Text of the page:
Greece exiting the Eurozone now 'a real possibility'
A Greek exit from the Eurozone is a real possibility, experts are warning.
A day after Greek prime minister Alexis Tsipras laid out plans to dismantle the country's austerity programme, rattling off a list of reforms he plans to reverse, the yield on Greek government bonds rose and stocks fell.
Eurozone finance ministers - including Michael Noonan - are due in Brussels for an emergency gathering tomorrow to discuss the way forward for the country, and listen to Greek minister Yanis Varoufakis in his first appearance before them.
The Greek government and Eurozone leaders have struck a defiant tone, with Mr Tsipras insisting his country would not extend its bailout and Germany saying it would get no more money without such a programme.
Eurogroup chair Jeroen Dijsselbloem has ruled out providing Greece with a bridging loan to keep the country afloat while it renegotiates the terms of its bailout.
Gary Jenkins, chief credit strategist with ING Capital, said the risk of a so-called 'Grexit' has now increased from 35pc to 50pc.
"It seems nonsensical that Greece could end up leaving the Eurozone because they could not agree with their European partners on the best way to get through the next few weeks to allow them to spend time negotiating, but that is a realistic possibility," he said,
"If Greece's partners finally feel that they are just throwing good money after bad and that the Greek government's demands are just too much, then it is likely that they will stick to the 'no extension - no bridge loan' mantra and watch as the financial situation in Greece starts to melt down.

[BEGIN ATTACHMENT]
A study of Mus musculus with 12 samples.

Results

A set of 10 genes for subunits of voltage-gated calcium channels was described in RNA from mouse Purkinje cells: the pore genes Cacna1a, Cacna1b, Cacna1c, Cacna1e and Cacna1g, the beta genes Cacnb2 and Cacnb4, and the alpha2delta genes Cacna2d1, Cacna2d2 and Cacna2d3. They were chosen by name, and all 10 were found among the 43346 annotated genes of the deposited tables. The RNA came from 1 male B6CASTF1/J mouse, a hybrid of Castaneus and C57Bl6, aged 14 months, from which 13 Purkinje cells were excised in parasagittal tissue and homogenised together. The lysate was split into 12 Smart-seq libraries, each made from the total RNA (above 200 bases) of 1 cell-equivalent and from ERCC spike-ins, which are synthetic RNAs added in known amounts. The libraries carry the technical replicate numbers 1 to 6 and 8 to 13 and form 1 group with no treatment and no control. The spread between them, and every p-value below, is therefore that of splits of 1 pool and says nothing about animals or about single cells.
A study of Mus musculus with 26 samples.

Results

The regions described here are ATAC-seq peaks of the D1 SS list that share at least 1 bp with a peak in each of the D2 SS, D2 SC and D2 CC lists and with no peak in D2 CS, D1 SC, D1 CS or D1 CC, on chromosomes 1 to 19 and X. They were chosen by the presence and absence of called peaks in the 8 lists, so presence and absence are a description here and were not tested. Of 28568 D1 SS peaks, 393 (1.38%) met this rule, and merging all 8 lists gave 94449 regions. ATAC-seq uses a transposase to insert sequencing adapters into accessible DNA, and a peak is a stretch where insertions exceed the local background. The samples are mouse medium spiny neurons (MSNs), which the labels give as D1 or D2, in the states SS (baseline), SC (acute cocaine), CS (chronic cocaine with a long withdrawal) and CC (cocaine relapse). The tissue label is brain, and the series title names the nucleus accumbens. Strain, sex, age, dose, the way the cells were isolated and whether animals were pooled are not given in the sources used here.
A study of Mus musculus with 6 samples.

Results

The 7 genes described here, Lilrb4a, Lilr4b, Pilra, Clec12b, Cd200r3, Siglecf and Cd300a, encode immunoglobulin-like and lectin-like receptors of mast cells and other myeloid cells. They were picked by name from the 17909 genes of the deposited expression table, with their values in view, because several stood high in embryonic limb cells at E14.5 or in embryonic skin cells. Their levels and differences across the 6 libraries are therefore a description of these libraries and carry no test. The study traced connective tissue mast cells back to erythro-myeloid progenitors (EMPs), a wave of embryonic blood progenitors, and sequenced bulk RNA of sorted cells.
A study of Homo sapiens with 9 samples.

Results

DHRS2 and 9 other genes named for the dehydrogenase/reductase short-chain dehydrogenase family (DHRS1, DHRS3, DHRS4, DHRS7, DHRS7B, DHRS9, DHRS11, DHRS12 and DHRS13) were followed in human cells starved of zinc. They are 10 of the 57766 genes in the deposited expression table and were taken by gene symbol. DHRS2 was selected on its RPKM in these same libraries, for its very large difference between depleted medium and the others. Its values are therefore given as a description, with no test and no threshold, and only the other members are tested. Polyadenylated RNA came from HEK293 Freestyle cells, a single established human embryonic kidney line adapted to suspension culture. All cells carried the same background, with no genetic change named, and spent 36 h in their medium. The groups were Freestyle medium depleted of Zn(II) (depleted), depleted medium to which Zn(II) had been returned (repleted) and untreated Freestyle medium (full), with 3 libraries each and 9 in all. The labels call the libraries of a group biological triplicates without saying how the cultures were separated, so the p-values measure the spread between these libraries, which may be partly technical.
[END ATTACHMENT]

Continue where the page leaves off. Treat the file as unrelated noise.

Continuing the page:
"It is likely that there are some advisers to Ms Merkel whispering in her ear that to give in to Greece would only encourage the others and that maybe in losing Greece they save the Eurozone as a whole."
It comes just a day after Alan Greenspan, the former head of the US Fed, predicted that Greece will leave the single currency, saying the nation's crisis can't be resolved as long as it remains in the Euro.
But Mr Varoufakis said the Eurozone could collapse "like a house of cards" if Athens were forced out.
European Commission chief Jean Claude Juncker said a deal wasn't expected at tomorrow's meeting, or at the heads of government summit on Thursday and Friday.
"Greece should not assume that the overall mood has so changed that the Eurozone will adopt Tsipras's government programme unconditionally," Mr Juncker said.
Q: Is a Greek exit from the Eurozone really possible?
A I wouldn't rule it out. It seems hard to imagine that European leaders would allow a country to leave the single currency, but events are moving so quickly at present, and with the language and positions so defiant on both sides, anything could happen.
Q What is the meeting tomorrow in Brussels about?
A Eurozone finance ministers have been called together for an emergency gathering to discuss the way forward and to try and make progress ahead of a meeting of heads of government on Thursday and Friday.
Q Is it likely that significant progress could be reached in the coming days?
A I wouldn't bet on it.
There has been little sign of compromise so far, but maybe, just maybe, when they're all locked in the same room, some progress can be made.
It's hard to see how, though, considering Greek prime minister Alexis Tsipras, as recently as Sunday, promised to dismantle austerity, seek a bridging loan to keep the country afloat and look to restructure debt. Senior Eurozone figures aren't backing that.
Q How urgent is it that a deal can be found?
A Pretty urgent. The bailout runs out at the end of the month, meaning the Greek government will effectively run out of money. And the country could run into trouble as early as March, when a repayment to the IMF falls due.